Ritter’s Direct Mail Piece of the Week: Tiffany & Co.
December 19, 2017
Tiffany & Co. is a well-known luxury jewelry company. They have built their brand utilizing a certain shade of teal for their jewelry boxes. So when we recently received a teal envelope in the mail, we couldn’t wait to open it and see what was inside!
Format: Teal outer envelope with a 4.5"x6" perfect bound booklet inside.
Design: The booklet was so interesting because there were so many facets to the design. The covers were the iconic teal, and interspersed were alternating red and teal cardstock dividers. The main inside pages were a stark white with photos of the jewelry and minimal type. Additionally, there was a double page spread in the center of the book that folded outward. The front cover set the theme for the entire book: there was a wooden human mannequin handing a wrapped Tiffany box to a snowman and the words “A Tiffany Holiday” were written in script at the bottom of the page. The book followed a pattern: first there was a red or teal divider page, followed by a photo of the same wooden human mannequin(s), then pages filled with images of the jewelry. Tiffany did an effective job of including a nice script font for some of the accompanying wording.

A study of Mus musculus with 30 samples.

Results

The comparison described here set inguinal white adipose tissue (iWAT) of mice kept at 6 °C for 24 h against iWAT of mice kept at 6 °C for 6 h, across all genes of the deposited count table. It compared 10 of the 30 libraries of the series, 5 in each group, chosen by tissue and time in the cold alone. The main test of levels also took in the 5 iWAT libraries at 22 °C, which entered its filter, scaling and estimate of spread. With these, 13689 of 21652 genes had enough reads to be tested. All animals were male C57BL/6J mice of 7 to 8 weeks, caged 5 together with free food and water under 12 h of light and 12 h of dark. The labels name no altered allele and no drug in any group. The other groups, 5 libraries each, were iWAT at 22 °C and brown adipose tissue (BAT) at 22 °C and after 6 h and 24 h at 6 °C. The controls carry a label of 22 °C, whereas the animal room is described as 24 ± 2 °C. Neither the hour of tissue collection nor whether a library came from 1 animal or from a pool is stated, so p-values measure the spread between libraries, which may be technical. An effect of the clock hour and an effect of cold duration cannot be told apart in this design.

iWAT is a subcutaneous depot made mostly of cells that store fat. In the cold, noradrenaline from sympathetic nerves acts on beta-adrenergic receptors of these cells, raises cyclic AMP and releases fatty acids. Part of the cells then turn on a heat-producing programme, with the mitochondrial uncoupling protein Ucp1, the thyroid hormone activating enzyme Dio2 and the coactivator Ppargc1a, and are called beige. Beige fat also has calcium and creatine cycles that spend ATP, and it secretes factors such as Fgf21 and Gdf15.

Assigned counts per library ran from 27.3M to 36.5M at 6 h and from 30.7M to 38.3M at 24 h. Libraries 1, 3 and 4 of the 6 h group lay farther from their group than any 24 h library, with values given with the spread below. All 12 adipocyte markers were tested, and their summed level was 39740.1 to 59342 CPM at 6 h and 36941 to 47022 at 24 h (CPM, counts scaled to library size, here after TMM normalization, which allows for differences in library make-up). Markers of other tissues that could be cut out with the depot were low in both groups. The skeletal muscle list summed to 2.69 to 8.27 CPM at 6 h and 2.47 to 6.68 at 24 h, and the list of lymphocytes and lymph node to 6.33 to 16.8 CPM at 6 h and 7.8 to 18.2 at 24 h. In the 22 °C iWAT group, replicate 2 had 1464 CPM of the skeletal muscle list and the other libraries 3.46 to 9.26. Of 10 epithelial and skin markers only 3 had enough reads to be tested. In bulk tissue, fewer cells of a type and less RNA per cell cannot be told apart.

Printing and Paper: Tiffany & Co. embossed and spot laminated the main image on the front cover so it had a very unusual appearance. The alternating red and teal divider pages each had three circles diecut: two small circles and one large. The diecut circles were in different spots on each divider and they were designed so an image showed through the diecut circle, in many cases, the image was a Tiffany box. The covers and divider pages were a heavy cardstock and the inside pages were printed on a heavy white silk text.
Presentation: We received the holiday booklet in a teal envelope so it was very noticeable in the mail. The booklet is 1/3” thick and coupled with the weight of all the pages, was substantial.
Purpose: Tiffany & Co is using this piece to drive holiday sales through store and internet traffic.
Offer and Call to Action: There was no offer. The call to action was on the back cover and was to either visit their website or call an 800 phone number. Implied but not stated is for the user to visit a store.
Digital Technology Integration: None. One suggestion could be to use a QR code or augmented reality on each page to see more about each individual piece of jewelry.
Personalization: None but none was needed. The real star of the show is the jewelry, rightly so.
Overall, a very unique and well-designed mailer. It was beautiful to look at and made me want to keep looking through the book and isn’t that the end goal of any direct mail campaign? Engage and get the end user to react.